On Performant Arrays in Swift

For everyday app development, it’s not often that array performance is something you’re thinking about. Perhaps if you’re implementing an algorithm that needs to scale well, performant arrays might be on your mind. Maybe you’re working on lower level code, in a framework say, where any performance deficits will have a compounding effect. For the occasions that it does become relevant, it’s nice to know a little more about the options we have. Let’s take a deeper dive into arrays in Swift.

Contiguous Arrays

Array isn’t the only array type that Swift provides. You might have noticed the ArraySlice type, which presents an un-copied view into a segment from another array. There’s also a type called ContiguousArray. Unlike the name suggests, it’s actually the most simple array type in Swift. It can be more performant than a standard array, and even when it’s not, it provides the same level of performance as Array. It exposes the same interface too. So why the heck doesn’t ContiguousArray take the place of Array?

let deliciousArray = ContiguousArray<String>(arrayLiteral: "🌮", "🥞", "🥖")

Well, Array can be toll-free bridged to an NSArray, for Objective-C compatibility. Under the hood, an Array instance will store array data in an NSArray, as long as the element type is a class or Objective-C compatible protocol. Whenever this is not the case (e.g. for an array of value types), the array is not backed by an NSArray, and the performance becomes equivalent with ContiguousArray.

To compare performance, a test was run where one million individual reference types were added and then removed to an instance of each array. The references were pre-constructed before the timing started, and results were averaged over 100 runs. The following values were obtained using an optimised compiler setting. Overall, you can see that if array performance is a bottleneck, you might gain something on the order of a 2x improvement by switching to a ContiguousArray, if the elements are a reference or @objc type.

Array ContiguousArray
58.9 ms 30.3 ms

Array Capacity

It might appear that the memory allocated by a Swift array is proportional to its length. If this was the case, adding or removing an element would require allocating or deallocating memory, and incur a performance penalty for every change in array size. Instead, it would make more sense to allocate at least some space in advance, allowing the next few additions to happen without incurring a memory management performance penalty. This is in fact what Swift does: memory allocations occur in an intelligent fashion, to keep the allocation performance cost to a minimum.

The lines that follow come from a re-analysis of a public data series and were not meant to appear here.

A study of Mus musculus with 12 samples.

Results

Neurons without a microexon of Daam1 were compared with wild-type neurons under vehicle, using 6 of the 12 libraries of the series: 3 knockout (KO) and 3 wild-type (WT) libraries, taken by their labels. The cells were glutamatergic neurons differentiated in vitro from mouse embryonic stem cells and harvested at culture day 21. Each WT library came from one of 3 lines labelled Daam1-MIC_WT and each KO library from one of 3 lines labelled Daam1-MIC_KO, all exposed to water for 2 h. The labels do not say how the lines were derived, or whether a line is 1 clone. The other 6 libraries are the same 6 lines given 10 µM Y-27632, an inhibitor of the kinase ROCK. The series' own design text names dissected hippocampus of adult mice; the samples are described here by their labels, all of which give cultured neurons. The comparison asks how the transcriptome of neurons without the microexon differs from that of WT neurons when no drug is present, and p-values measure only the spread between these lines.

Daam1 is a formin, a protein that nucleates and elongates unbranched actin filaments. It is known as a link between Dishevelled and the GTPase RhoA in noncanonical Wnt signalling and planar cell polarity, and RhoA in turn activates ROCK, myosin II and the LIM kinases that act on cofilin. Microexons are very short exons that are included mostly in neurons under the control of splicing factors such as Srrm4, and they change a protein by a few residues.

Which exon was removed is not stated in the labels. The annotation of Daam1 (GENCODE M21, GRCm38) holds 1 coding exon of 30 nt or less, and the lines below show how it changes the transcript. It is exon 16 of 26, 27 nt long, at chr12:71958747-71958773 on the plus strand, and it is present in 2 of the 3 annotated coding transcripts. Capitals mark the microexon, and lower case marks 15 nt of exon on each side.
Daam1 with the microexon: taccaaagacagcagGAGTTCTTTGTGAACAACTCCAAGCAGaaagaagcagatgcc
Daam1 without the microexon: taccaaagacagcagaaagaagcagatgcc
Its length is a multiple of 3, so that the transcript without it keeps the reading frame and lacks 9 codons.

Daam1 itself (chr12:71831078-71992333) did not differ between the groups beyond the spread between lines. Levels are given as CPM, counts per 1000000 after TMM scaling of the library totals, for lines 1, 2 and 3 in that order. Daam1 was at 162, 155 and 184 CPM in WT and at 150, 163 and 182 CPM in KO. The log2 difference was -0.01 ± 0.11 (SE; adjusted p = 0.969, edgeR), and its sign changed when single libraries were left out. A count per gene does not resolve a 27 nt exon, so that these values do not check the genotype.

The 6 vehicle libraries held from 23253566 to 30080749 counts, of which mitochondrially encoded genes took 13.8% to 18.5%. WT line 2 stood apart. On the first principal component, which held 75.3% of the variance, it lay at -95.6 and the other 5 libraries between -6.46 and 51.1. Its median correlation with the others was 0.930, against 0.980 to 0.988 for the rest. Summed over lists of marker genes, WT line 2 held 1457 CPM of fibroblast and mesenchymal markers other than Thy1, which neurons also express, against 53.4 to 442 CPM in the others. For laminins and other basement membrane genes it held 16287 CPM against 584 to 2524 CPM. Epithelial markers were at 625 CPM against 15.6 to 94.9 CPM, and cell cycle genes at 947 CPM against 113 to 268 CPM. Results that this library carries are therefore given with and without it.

Despite intelligent memory allocation, the most efficient way to allocate memory is if you know the capacity the array should be defined to hold. This way, only a single memory allocation is needed. Swift arrays provide the ability to define and reserve capacity on the fly, and this can be done for a small performance gain.

var healthyArray = ["🍉", "🥕"]
healthyArray.reserveCapacity(50)

Running another test, again adding and removing one million reference types to an array produces the following results. The test was run against a contiguous array and an identical array with a reserved memory capacity.

Without Reserved Capacity With Reserved Capacity
29.7 ms 27.3 ms

C Style Arrays

If you’d like to access the raw memory underpinning the array, you can do this too. For standard array operations, it shouldn’t provide much of a performance gain. For non standard cases, accessing or mutating the data this way may be necessary, or beneficial to performance.

var balancedDietArray = ["🥖", "🍩", "🍗"]
balancedDietArray.withUnsafeMutableBufferPointer { arrayPointer in
    arrayPointer[1] = "🍇"
}

If you’re interested in learning more about how Swift arrays work, you can find out more here: Swift Array Design.